Configuring I/O Servers for Prefetching and Parallel I/O

To enable prefetching, the database manager starts separate threads of control, known as I/O servers, to perform page reading. As a result, the query processing is divided into two parallel activities: data processing (CPU) and data page I/O. The I/O servers wait for prefetch requests from the CPU processing activity. These prefetch requests contain a description of the I/O needed to satisfy the anticipated data needs. The reason for prefetching determines when and how the database manager generates the prefetch requests. (See "Understanding Sequential Prefetching" and "Understanding List Prefetching" for more information.)

The following figure illustrates how I/O servers are used to prefetch data into a buffer pool.

Figure 56. Prefetching Data using I/O Servers


The following steps are illustrated in Figure 56:

The user application passes the SQL request to the database agent.

The database agent determines that prefetching should be used to obtain the data required to satisfy the SQL request and writes a prefetch request to the I/O server queue.

(3), (4)
The first available I/O server will read the prefetch request from the queue and read the data from the table space into the buffer pool. Depending on the number of prefetch requests in the queue and the number of I/O servers configured by the num_ioservers configuration parameter, multiple I/O servers can be fetching data from the table space at the same time.

The database agent performs the necessary actions against the data pages in the buffer pool in order to return the result of the SQL request back to the user application.

Configuring enough I/O servers with the num_ioservers configuration parameter can greatly enhance the performance of queries for which prefetching of data can be used. Having some extra I/O servers configured will not hurt performance because extra I/O servers are not used and their memory pages will get paged out. Each I/O server process is numbered and the database manager will always use the lowest numbered process that is available and, as a result, some of the upper numbered processes may never be used.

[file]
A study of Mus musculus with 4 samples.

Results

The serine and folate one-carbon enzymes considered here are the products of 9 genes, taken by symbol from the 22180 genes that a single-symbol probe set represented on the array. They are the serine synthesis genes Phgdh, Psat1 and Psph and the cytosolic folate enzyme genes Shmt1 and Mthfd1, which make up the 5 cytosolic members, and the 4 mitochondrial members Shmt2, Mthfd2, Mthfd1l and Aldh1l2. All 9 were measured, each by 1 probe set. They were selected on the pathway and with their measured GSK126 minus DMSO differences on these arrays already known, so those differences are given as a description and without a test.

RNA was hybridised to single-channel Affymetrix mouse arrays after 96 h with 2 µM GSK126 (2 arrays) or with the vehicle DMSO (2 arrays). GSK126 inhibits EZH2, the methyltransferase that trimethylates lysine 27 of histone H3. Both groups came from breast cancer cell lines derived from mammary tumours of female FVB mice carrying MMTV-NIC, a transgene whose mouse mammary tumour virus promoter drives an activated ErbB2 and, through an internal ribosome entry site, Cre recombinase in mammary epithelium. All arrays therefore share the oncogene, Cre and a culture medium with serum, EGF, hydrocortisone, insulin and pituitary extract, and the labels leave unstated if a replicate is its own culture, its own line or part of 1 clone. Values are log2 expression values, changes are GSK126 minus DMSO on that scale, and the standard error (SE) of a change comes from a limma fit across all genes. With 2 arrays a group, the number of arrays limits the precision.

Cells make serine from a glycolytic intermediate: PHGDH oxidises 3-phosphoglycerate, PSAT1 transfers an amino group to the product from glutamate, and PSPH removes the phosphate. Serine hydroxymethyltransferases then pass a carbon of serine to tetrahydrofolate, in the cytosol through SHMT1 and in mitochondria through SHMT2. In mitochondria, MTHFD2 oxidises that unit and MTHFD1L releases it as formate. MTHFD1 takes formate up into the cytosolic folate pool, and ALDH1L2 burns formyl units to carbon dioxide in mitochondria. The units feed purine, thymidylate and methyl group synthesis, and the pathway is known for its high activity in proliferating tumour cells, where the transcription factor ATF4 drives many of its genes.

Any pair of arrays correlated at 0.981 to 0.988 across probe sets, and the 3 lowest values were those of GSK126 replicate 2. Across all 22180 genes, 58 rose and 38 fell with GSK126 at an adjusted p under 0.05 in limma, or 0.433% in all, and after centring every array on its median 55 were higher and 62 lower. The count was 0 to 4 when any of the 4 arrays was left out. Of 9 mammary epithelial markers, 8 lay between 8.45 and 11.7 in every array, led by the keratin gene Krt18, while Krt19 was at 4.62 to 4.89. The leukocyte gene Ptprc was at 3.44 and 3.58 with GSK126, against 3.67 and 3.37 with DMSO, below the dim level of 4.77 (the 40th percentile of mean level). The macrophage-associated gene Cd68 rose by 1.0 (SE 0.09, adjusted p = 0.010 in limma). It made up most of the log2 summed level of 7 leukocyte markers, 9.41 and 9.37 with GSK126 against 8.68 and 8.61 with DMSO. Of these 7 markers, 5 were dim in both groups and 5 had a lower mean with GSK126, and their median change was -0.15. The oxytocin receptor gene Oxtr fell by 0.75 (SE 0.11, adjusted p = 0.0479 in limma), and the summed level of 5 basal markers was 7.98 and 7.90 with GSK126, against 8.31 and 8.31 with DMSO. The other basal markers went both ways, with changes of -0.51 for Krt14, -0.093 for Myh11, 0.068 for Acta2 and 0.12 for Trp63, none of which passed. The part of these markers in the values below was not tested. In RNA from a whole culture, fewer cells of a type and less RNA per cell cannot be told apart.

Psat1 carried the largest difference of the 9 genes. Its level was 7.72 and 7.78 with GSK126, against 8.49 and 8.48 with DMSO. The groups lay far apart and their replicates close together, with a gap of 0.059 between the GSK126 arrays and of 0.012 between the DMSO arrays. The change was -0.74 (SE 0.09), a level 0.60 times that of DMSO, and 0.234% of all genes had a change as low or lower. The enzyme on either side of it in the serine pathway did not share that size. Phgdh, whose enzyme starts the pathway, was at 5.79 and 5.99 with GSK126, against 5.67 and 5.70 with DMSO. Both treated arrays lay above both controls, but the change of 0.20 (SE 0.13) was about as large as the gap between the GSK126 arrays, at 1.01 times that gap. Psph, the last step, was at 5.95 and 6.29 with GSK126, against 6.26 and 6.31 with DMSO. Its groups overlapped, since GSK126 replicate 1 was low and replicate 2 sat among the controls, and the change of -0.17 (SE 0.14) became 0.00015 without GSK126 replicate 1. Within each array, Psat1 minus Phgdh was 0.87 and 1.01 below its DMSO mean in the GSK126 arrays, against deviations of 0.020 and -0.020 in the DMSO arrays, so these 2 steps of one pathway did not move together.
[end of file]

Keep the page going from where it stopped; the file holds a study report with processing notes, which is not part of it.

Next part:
To determine the number of I/O servers that you should configure, consider the following:

Enabling Parallel I/O

For situations in which multiple containers exist for a table space, the database manager can initiate parallel I/O. Parallel I/O refers to the ability of the database manager to use multiple I/O servers to process the I/O requirements of a single query. Each I/O server is assigned the I/O workload for a separate container, allowing several containers to be read in parallel. Performing I/O in parallel can result in significant improvements to I/O throughput.

While a separate I/O server will handle the workload for each container, the actual number of I/O servers that can perform I/O in parallel will be limited to the number of physical devices over which the requested data is spread. This also means you need as many I/O servers as the number of physical devices.

How parallel I/O is initiated and used is dependent on the reason for performing the I/O:

For optimal performance of parallel I/O, ensure that:

Allocating Multiple Pages at a Time

The database manager expands the database as needed when the multipage_alloc database configuration parameter is set to YES. (See "MultiPage File Allocation Enabled (multipage_alloc)".) The default value for this parameter is NO, causing the database manager to expand the database file one page at a time.

To set multipage_alloc to YES (and gain the associated performance improvement), use the db2empfa tool in the sqllib/bin directory. (For more information on this tool, see the Command Reference.)